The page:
On a cloudy, humid Saturday in Memphis, we were treated to one of the best atmospheres that the Liberty Bowl has had to offer. A game that had everything: a comeback, pivotal fourth down stands, and most importantly...controversy.
There is so much to unwrap from this game, and it started on the first drive of the game when redshirt senior defensive Sanchez Blake Jr. picked up a fumble and returned it 49 yards for a touchdown. It was the first non-offensive touchdown for the Tigers of the season, and it got the crowd into it from the get-go. Mississippi State responded quickly by smothering the Tigers on both offense and defense. It is well-known in football that the Mike Leach “air raid” offense for Mississippi State lives and dies by throwing the ball. They use quick screen passes and short routes as running plays, handing it off it very sparingly. They rushed only sixteen times total in the game.
They nickel and dimed the Memphis defense up and down the field, led by QB Will Rogers, scoring seventeen straight points to go into halftime with a 17-7 lead. The Tigers could get very little going on offense with true freshman QB Seth Henigan seeing an SEC defense in only his third career start. For a kid that was playing in high school at this time last year, it looked as though he was going to get overwhelmed in the first half.
When Memphis got the ball to start the second half, they went for it on fourth down in their own territory that ended with Henigan throwing a pick to sophomore cornerback Emmanuel Forbes. It looked as though Forbes was going to walk in for a TD when Henigan came out of nowhere to tackle the cornerback. That became a crucial play as Mississippi State got zero points off that turnover due to a game-saving goal line stand by Memphis.
What happened the rest of the game can be attributed to objectively questionable officiating and Calvin Austin III simply being the best player on the field. The Tigers marched 98 yards down the field and capped it off with a 21 yard dime by Henigan to Austin in the corner of the end zone to make it 17-14.
The Tigers defense bent but didn’t break, holding the Bulldogs at bay. Halfway through the fourth quarter, Austin caught a quick screen pass and put on the burners for 25 yards to get to the endzone giving Memphis the lead. When Mississippi State was forced to punt, it looked like the Tigers were going to start inside their own ten yard line. However, the ball was never blown dead and Austin scooped it up, turned on his track speed and returned the punt 94 yards for a touchdown, giving the Tigers a 28-17 lead.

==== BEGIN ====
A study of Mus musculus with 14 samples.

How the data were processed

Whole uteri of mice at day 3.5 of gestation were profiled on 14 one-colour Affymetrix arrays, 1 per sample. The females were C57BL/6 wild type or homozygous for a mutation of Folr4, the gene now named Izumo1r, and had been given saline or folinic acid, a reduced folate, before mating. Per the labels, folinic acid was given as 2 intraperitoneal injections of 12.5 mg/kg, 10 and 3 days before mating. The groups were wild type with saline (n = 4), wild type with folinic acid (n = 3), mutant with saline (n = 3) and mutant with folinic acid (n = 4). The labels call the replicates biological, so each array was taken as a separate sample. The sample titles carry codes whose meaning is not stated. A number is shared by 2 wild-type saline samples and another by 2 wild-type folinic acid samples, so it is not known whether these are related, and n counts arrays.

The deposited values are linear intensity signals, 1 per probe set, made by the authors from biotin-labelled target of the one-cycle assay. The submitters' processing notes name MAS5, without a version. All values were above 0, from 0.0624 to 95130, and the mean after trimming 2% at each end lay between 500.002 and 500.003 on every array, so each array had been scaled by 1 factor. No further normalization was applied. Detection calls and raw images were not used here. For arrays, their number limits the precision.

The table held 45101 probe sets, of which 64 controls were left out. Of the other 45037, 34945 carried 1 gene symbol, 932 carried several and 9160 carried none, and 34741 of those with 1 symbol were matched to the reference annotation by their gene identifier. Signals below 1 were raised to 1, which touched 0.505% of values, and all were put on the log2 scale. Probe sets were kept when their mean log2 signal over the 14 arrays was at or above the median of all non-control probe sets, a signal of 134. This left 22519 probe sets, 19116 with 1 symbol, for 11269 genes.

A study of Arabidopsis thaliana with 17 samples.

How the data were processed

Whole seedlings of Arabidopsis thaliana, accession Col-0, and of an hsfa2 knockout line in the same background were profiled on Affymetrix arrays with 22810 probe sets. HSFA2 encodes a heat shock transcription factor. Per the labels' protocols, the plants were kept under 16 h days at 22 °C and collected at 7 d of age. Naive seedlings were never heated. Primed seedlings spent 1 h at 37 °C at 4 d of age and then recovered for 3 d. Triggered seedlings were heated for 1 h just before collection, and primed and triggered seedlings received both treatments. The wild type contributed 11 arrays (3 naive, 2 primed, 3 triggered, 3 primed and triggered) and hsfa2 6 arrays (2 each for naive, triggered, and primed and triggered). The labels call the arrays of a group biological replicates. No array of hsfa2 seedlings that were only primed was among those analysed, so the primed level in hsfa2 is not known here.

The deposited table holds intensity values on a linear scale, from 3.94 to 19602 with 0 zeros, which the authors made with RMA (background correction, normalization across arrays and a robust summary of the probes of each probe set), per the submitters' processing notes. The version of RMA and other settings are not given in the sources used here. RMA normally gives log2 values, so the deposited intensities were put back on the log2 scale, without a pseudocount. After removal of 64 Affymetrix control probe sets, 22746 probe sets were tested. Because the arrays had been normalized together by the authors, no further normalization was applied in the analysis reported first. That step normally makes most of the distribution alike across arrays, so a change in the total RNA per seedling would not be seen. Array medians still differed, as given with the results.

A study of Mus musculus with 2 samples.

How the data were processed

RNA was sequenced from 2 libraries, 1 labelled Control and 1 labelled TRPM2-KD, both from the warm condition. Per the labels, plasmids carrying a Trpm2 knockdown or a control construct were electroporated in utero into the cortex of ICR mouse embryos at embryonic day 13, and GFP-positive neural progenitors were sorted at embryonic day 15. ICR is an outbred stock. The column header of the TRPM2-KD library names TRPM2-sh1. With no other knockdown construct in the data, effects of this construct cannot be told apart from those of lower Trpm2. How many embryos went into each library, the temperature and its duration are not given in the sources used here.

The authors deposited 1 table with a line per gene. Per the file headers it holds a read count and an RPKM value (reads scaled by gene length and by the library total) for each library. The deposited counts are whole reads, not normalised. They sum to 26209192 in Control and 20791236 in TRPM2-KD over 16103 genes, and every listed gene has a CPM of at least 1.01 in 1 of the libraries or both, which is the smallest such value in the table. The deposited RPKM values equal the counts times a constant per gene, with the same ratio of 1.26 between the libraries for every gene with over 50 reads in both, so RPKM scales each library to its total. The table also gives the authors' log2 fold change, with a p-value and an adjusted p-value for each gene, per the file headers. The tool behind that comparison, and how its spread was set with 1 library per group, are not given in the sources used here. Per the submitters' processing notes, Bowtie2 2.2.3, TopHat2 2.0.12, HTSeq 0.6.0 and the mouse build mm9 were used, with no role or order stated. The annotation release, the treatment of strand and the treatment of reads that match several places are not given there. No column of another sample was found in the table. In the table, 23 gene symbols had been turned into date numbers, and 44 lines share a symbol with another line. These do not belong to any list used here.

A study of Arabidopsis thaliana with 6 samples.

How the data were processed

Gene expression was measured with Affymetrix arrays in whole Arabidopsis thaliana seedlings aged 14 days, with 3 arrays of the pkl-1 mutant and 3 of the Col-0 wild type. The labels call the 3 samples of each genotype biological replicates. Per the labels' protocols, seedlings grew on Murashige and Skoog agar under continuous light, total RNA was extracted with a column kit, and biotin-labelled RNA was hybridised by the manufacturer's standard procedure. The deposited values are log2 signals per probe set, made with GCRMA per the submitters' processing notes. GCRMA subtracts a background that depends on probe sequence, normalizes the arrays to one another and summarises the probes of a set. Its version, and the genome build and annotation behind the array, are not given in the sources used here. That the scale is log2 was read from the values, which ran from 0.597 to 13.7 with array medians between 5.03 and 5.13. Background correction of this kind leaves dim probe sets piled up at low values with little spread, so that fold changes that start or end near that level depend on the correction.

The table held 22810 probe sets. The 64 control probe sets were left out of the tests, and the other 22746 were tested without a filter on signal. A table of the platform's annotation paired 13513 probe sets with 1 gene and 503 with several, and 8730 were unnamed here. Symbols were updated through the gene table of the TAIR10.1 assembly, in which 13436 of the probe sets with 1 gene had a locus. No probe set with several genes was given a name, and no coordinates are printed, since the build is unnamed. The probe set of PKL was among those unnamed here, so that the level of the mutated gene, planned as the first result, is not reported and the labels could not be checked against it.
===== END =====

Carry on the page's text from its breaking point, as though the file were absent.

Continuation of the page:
The play had a number of mistakes from the SEC officiating crew, all of which were addressed in a postgame on the conference's social media. The ball, in fact, was not dead as no player ever gained possession of it. However, the back judge intuitively waved his hands to stop the clock. That would make the play reviewable, which it never was. That review would have left the Tigers inside their own 10-yard line. The Tigers also hade two players wearing the number four on the field, which was not called and would have resulted in a five-yard penalty.
The rest of the game was left up to maintaining the lead. Recovering two onside kicks, two stops on two-point conversions, and a 51 yard field goal by Joe Doyle, left the Tigers to do the victory formation with a 31-29 win. It is a statement win for the Tigers as it shows that the fans and the team are good enough to compete with Power 5 competition. Time will tell how it shakes out, but this team looks like it could be something special.
Seth Henigan rushes during Memphis' 31-29 win against Mississippi State.